Crowded Rooms, Background Noise and Your Hearing

Our patients frequently ask us why they seem to have greater difficulty hearing in crowded spaces than in other situations. Person-to-person conversations and even small group conversations don’t cause them any trouble. But in a crowd, such as a noisy party or in large public gatherings, suddenly it becomes difficult to understand what the person speaking to them is saying, or to distinguish the speaker’s voice from the background sounds. The same people that have difficulty with crowds, will often also express that they find it challenging to hear and distinguish certain consonants especially S, F, and H.

If you are experiencing these symptoms, there is a possibility that you may have suffered some form or high-frequency hearing loss. When describing human speech, audiologists define the 3000 to 8000 Hertz range as high-frequency. This is the range that the S, H, and F sounds typically fall into. In a crowd, what you hear is a mixture of frequencies, with the high frequencies of human speech “competing” with lower-frequency sounds such as music or the noise of people walking or dancing. Individuals with high-frequency hearing loss will report that the low-frequency sounds are much louder to them. To them it is as if the ‘background noise’ has been amplified relative to the human speech they are trying to focus on.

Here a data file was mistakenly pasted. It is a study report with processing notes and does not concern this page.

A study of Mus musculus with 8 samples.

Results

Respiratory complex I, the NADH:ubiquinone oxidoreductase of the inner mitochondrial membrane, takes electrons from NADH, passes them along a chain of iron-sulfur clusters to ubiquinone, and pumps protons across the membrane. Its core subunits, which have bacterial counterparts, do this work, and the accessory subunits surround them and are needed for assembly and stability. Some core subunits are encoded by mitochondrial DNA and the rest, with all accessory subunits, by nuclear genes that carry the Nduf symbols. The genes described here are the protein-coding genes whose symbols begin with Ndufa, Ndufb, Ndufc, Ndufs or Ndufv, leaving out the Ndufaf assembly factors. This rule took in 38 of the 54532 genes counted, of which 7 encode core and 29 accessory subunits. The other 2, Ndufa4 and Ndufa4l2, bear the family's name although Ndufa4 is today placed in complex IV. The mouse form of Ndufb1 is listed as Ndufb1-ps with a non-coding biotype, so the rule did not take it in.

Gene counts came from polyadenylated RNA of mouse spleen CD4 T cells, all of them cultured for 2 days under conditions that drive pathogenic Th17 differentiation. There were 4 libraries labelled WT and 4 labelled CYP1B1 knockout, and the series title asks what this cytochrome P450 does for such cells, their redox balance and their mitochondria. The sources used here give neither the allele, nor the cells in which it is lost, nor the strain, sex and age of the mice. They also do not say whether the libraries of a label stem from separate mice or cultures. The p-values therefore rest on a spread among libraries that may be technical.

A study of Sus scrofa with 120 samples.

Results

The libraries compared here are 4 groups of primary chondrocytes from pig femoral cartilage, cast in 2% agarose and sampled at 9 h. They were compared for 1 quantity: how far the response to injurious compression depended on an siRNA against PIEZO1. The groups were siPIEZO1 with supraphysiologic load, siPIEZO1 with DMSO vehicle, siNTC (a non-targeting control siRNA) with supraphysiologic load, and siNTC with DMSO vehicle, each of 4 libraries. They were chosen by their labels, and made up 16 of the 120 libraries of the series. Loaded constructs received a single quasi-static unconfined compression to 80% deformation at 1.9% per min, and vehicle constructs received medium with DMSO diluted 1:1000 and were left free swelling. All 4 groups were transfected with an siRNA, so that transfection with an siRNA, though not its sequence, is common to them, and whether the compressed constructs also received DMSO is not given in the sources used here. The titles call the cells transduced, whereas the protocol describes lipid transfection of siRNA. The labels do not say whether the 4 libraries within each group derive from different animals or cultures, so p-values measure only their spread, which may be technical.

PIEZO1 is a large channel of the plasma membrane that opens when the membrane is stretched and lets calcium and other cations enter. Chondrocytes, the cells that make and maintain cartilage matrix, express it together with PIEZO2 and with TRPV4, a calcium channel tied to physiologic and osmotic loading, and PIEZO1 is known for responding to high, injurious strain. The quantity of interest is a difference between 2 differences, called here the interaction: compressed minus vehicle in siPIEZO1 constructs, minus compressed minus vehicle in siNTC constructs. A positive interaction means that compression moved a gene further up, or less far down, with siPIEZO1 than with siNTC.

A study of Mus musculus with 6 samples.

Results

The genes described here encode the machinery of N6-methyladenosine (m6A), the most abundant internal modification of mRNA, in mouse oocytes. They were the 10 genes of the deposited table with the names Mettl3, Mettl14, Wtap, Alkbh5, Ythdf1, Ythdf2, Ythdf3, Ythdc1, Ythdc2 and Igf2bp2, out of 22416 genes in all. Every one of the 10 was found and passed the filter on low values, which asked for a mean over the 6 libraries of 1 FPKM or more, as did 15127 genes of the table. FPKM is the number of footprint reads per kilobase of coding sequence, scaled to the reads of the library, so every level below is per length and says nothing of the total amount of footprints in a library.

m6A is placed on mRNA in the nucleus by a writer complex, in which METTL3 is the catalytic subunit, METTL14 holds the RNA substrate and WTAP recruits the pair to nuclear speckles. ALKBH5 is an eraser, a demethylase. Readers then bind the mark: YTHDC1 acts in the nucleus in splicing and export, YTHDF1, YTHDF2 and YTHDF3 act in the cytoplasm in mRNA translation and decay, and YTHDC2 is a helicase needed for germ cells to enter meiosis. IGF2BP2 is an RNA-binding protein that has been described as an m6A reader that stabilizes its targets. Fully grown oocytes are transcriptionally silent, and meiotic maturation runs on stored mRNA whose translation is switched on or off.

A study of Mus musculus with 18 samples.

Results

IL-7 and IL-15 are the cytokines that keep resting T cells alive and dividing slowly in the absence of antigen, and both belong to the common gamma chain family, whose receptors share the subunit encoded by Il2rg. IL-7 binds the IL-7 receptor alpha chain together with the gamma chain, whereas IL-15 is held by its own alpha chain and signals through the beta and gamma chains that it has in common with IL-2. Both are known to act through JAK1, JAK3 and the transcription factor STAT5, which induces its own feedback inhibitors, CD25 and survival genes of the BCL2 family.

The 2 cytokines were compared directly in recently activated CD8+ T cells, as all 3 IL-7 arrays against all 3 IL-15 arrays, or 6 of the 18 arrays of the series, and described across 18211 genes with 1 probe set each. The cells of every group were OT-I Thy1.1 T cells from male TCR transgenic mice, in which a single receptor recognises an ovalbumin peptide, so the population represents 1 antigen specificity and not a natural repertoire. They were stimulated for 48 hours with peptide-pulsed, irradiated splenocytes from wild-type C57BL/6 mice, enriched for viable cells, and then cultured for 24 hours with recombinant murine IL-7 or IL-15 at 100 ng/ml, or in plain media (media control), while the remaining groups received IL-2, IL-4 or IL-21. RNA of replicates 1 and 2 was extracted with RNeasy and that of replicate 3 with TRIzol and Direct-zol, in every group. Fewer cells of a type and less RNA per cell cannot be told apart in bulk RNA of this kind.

High-frequency hearing loss is common, afflicting at least 18 percent of the population. High-frequency hearing loss is normal with aging, but is increasingly being diagnosed in younger adults too. Audiologists suspect this may come from repeated exposure to loud music especially through personal headphones. High-frequency hearing loss can also be the result of diabetes, a side affect of certain prescription drugs or genetic factors.

If you have indeed suffered some high-frequency hearing loss, it can be treated. Hearing aids can be adjusted to amplify the higher frequencies and suppress lower frequencies, with the result that you can hear voices better in crowded rooms.

If you have trouble hearing in crowds, your first step should be to make an appointment with one of our specialists, so that we can determine whether you have suffered some form of hearing loss. Our specialists can perform tests to determine whether your problem hearing in crowds is really related to hearing loss, or whether it might arise from other causes.